Valley of the Kings

Valley of the Kings: Exploring the Ancient Egyptian Necropolis

Welcome to the enchanting world of the Valley of the Kings, a mesmerizing ancient Egyptian cemetery on the Nile River’s west bank. This captivating archaeological site is renowned for its grandeur, historical significance, and breathtaking tombs of pharaohs from the New Kingdom period. In this comprehensive guide, we will delve into the mysteries of the Valley of the Kings, its remarkable treasures, and the fascinating stories it holds.

Valley of the Kings: Unraveling the Secrets

The Valley of the Kings, also known as “Biban el-Moluk” in Arabic, was the final resting place for pharaohs, queens, and other powerful nobles during the New Kingdom period (1550–1070 BCE). It is located on the west bank of the Nile River, across from modern-day Luxor.

History and Significance

The Valley of the Kings holds immense historical significance as it was the primary burial ground for royalty during the New Kingdom. It was chosen for its strategic location, hidden amidst the rocky cliffs, which provided a natural barrier against tomb robbers. The valley is believed to have been used for over 500 years, with the first royal burial taking place around the 16th century BCE.

Architecture and Design

The tombs in the Valley of the Kings were meticulously designed and constructed to ensure the preservation of the pharaoh’s body and worldly possessions. The architecture of the tombs reflects the ancient Egyptians’ belief in the afterlife and their intricate burial rituals. The tombs consist of long corridors, elaborate burial chambers, and detailed hieroglyphic inscriptions on the walls.

Tomb of Tutankhamun: A Storied Discovery

One of the most famous discoveries in the Valley of the Kings is the tomb of Tutankhamun, also known as King Tut. Discovered in 1922 by British archaeologist Howard Carter, the tomb contained a wealth of treasures and artifacts, providing valuable insights into the life and culture of ancient Egypt. The discovery of King Tut’s tomb sparked worldwide fascination and brought the Valley of the Kings into the global spotlight.

Exploring the Treasures

The Valley of the Kings is home to numerous tombs, each with its unique charm and historical significance. Let’s explore some of the notable tombs in this ancient necropolis:

Tomb of Ramesses II

The tomb of Ramesses II, also known as the “Tomb of Ozymandias,” is one of the largest and most elaborately decorated tombs in the Valley of the Kings. Ramesses II, often regarded as one of Egypt’s most powerful pharaohs, ruled for over six decades during the 13th century BCE. The tomb is adorned with intricate wall paintings depicting scenes from Ramesses II’s reign and his journey into the afterlife.

Tomb of Seti I

The tomb of Seti I is another remarkable burial site in the Valley of the Kings. Seti I, the father of Ramesses II, ruled Egypt during the 13th century BCE. The tomb features stunning reliefs and colorful paintings, including the famous “Astronomical Ceiling” that showcases constellations and astronomical phenomena. The intricate artwork and the grandeur of the tomb make it a must-visit for any history enthusiast.

Tomb of Hatshepsut

Hatshepsut, one of the few female pharaohs in ancient Egypt, chose to be buried in the Valley of the Kings despite the tradition of burying pharaohs in the nearby Valley of the Queens. Her tomb, KV20, is an architectural marvel featuring a complex layout with multiple chambers and corridors. The walls of the tomb depict the life and achievements of Hatshepsut, including her famous expedition to the Land of Punt. Exploring her tomb offers a glimpse into the reign of this influential female ruler. It was built a Hatshepsut temple.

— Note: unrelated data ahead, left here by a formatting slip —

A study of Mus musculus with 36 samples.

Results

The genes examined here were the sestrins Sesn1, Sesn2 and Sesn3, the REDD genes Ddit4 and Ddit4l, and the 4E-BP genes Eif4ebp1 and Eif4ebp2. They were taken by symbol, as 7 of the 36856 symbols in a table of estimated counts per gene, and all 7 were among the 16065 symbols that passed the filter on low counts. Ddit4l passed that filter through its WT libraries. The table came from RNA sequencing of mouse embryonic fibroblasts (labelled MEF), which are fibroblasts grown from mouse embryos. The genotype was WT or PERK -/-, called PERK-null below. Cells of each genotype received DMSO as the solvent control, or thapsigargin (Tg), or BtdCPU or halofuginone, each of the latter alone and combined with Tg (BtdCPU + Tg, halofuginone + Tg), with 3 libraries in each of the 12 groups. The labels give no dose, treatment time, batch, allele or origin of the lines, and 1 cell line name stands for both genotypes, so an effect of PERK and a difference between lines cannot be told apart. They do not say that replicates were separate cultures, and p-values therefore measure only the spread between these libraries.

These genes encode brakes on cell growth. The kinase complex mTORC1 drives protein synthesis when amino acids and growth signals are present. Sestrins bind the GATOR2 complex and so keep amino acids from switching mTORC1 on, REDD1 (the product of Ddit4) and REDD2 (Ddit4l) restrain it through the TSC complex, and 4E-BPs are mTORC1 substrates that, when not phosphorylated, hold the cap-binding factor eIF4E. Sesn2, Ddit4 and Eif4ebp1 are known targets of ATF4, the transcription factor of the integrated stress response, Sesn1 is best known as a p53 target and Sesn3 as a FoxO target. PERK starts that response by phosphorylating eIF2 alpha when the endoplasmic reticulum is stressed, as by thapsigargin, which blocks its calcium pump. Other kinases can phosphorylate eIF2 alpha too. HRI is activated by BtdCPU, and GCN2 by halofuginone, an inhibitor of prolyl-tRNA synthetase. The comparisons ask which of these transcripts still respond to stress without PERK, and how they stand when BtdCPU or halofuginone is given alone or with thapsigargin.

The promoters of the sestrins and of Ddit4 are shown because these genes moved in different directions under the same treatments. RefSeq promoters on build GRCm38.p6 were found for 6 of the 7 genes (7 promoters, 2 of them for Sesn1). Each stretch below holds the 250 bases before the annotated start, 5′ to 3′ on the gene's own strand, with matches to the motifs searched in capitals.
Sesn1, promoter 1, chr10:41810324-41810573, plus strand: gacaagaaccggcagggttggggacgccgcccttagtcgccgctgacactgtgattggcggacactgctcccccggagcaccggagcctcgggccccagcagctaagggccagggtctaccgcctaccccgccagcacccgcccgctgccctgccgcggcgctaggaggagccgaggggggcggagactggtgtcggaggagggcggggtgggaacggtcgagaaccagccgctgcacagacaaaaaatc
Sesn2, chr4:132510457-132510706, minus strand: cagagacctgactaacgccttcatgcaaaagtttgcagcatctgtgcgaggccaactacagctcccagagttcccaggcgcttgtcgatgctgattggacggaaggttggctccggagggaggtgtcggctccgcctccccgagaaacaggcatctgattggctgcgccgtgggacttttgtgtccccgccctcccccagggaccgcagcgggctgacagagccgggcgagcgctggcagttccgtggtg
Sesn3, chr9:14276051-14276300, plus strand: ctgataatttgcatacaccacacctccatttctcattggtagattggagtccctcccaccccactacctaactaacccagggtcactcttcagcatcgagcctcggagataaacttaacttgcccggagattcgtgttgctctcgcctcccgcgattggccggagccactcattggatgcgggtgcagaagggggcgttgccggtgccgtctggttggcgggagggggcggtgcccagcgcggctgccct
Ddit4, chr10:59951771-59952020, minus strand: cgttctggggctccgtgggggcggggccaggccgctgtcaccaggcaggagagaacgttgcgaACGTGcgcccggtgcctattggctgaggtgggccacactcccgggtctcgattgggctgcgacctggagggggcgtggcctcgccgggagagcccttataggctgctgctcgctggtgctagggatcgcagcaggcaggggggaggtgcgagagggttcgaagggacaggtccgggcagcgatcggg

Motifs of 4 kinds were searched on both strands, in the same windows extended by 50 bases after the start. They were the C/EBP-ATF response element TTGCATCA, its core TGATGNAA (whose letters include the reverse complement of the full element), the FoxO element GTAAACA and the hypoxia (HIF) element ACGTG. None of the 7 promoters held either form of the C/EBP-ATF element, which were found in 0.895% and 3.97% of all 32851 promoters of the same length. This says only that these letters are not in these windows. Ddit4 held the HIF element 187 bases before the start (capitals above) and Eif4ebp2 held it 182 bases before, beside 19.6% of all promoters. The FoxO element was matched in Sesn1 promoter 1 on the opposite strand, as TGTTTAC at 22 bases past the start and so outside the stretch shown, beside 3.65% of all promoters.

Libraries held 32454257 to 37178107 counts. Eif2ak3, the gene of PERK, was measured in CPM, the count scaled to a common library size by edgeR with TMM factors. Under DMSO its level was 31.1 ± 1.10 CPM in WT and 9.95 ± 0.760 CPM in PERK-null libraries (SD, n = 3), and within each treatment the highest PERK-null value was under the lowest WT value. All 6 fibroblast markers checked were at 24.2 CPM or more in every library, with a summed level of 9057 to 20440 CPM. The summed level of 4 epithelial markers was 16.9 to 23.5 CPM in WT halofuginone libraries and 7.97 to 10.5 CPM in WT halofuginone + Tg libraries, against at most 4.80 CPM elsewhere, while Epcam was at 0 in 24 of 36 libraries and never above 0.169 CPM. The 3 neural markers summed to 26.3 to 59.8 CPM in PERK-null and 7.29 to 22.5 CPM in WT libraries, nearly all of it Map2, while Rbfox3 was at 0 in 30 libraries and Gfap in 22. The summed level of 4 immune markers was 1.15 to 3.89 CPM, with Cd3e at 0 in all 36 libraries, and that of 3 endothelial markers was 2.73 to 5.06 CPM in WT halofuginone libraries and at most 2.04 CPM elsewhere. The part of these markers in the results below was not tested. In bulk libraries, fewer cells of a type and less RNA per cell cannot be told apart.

FAQs about the Valley of the Kings

How many tombs are there in the Valley of the Kings?

There are currently 63 known tombs in the Valley of the Kings, although not all belong to pharaohs or royalty.

Can visitors enter the tombs in the Valley of the Kings?

Several tombs are open to the public, allowing visitors to explore the intricate artwork and architectural wonders within. However, some tombs may be closed periodically for restoration or preservation purposes.

Are the tombs in the Valley of the Kings empty?

Most tombs were looted in ancient times, but many still contain stunning wall paintings and artifacts. The tomb of Tutankhamun, in particular, held a vast array of treasures when it was discovered.

Is photography allowed inside the tombs?

Photography is generally not permitted inside the tombs to protect the delicate artwork from potential damage. However, photography may be allowed in designated areas or with special permits.

How long does it take to explore the Valley of the Kings?

The duration of the visit depends on the individual’s interests and the number of tombs they wish to explore. A visit to the Valley of the Kings can range from a couple of hours to half a day.

Is there an entrance fee to visit the Valley of the Kings?

There is an entrance fee to access the Valley of the Kings. The ticket allows entry to a specified number of tombs, and additional fees may apply for specific special exhibitions or exclusive areas.


The Valley of the Kings is a testament to the grandeur and sophistication of ancient Egyptian civilization. Its magnificent tombs, adorned with intricate artwork and filled with the treasures of pharaohs, continue to captivate visitors worldwide. Exploring this sacred necropolis offers a unique opportunity to step back in time and unravel the secrets of the mighty rulers of ancient Egypt. So, embark on a journey to the Valley of the Kings and immerse yourself in the awe-inspiring world of the pharaohs.